Culinary or food tourism can be a great way to bring the flavours of your region to life for visitors and can support more sustainable food systems and cultures. Short videos like the “One Perfect Meal” series, featuring Lisa Nguyen (season 1) and Ashley Callingbull (season 2), give viewers a sense of the delights that await their tastebuds, along with insider tips for experiencing the region like a local.

A taste for adventure

Travellers are hungry for unique and exciting flavours, along with a deeper understanding of the food ecosystem and local heritage that produce them. In a recent report from Future Partners, 43.6% of American travellers cited “restaurants and dining” as the main driver for their most recent overnight trip. But it’s not just Americans; the appetite for food and agriculture-related travel is global. According to a study by, more than 27,000 travellers across 33 countries were surveyed and:  

  • Four in five (81 per cent) say they want to taste Indigenous cuisines in 2024. Travellers are eager to taste heritage flavours and learn the stories behind the food they eat.
  • Half of the travellers (51 per cent) want to experience a more “stripped-back”, agricultural way of life in 2024, to feel more in balance with nature both while travelling and after returning home.
  • Just under half are interested in experiences with locals in off-the-beaten-path areas (47 per cent) or visiting remote locations that tourists otherwise have limited access to (44 percent) to feel more deeply connected to the environment and communities around them.
Season 1: Chef Stephen Smee at Ten Foot Henry uses local Alberta ingredients to create these mouthwatering dishes.

How can Alberta operators tap into the appetite for food tourism?

1. Create mouth-watering videos to share on social media

People who dine out frequently are inspired by video content and are among the most likely viewers to watch to the end. We’ve found that food-related content featured on Travel Alberta’s Facebook and Instagram tends to score highly on total impressions, clicks, and cost per click.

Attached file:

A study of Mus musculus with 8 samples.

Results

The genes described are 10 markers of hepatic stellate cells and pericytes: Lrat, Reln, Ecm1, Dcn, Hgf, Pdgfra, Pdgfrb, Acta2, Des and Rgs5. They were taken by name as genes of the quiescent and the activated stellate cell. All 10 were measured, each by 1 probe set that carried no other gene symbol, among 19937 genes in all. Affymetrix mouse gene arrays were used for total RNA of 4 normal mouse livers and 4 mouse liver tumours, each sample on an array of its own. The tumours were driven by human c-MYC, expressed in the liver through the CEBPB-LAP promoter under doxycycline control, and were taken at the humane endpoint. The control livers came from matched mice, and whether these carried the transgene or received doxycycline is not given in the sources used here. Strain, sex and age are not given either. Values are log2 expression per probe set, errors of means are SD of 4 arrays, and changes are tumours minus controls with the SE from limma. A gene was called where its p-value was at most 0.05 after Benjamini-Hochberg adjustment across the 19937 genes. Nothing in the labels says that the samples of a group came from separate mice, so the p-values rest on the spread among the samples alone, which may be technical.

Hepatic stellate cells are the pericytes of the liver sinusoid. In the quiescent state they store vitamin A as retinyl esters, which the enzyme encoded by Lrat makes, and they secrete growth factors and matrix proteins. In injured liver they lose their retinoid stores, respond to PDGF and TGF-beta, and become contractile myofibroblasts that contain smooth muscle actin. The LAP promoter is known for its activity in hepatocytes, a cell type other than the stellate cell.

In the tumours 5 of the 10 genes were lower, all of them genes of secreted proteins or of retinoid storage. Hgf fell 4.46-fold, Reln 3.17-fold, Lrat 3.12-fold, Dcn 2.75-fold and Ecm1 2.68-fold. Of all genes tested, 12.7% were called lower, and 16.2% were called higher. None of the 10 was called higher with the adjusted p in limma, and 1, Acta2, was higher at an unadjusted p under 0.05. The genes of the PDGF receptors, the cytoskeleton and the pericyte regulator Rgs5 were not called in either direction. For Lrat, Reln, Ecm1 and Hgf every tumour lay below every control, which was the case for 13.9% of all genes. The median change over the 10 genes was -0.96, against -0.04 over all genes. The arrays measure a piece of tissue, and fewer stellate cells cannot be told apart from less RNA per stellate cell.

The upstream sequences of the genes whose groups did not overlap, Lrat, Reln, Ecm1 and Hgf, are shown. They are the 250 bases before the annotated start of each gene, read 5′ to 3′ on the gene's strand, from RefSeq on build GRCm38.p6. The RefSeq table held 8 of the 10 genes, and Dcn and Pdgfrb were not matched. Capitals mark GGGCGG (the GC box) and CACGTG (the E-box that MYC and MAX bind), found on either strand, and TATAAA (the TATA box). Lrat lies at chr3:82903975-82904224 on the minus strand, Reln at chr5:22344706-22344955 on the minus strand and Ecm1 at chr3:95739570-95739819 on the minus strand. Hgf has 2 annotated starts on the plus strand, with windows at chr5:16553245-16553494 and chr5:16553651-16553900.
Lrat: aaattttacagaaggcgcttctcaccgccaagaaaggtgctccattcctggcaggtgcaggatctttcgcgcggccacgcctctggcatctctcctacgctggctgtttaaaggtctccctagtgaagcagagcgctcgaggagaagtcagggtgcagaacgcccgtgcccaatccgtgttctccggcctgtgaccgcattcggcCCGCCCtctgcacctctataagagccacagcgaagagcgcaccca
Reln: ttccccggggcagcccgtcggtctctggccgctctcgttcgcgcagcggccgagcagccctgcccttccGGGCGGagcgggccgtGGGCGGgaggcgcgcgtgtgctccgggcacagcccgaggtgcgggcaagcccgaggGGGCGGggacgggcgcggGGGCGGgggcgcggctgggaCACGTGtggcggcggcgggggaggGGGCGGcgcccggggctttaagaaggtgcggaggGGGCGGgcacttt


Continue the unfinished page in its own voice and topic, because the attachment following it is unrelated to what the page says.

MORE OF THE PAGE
Food vlogs and short videos can whet a viewer’s appetite for travel and offer a taste of your unique destination. One third of American travelers use online video to plan their trips, and younger generations like Millennials and GenZ look to visually appealing videos for destination inspiration.

Season 1: Behind-the-scenes of host, Lisa Nguyen, and the head chef of Calcutta Cricket Club, Amit Bangar, making food in the kitchen for the One Perfect Meal food series.

2. Host a local artisan market

Hosting a local marketplace can be a fun, family friendly way to highlight local food artisans and their products, as well as providing an opportunity to connect with the community. Add excitement by incorporating games, activities and live music.

Travel Alberta offers funding for events, festivals and rural promotion. Apply for tourism funding to turn your idea into reality. Applications open in early 2024.

3. Consider a “farm to table” dinner

“Farm to table” or “long table” dinners can provide visitors and residents an opportunity to connect with local agriculture, taste chef-inspired cuisine, and sample world-class products unique to their region. And a stunning prairie backdrop lit with that magical golden hour glow doesn’t hurt.  Need some ideas? Look no further.

Plan ahead to take part in Alberta Open Farm Days, 2024. Every year, Alberta Open Farm Days hosts a two-day event that gives Albertans an opportunity to experience the farm and understand where their food comes from. Alberta Open Farm Days assists with marketing, signage, even applying for AGLC and AHS licenses, if necessary, to help operators navigate hosting a food event on their farm. Email for more information.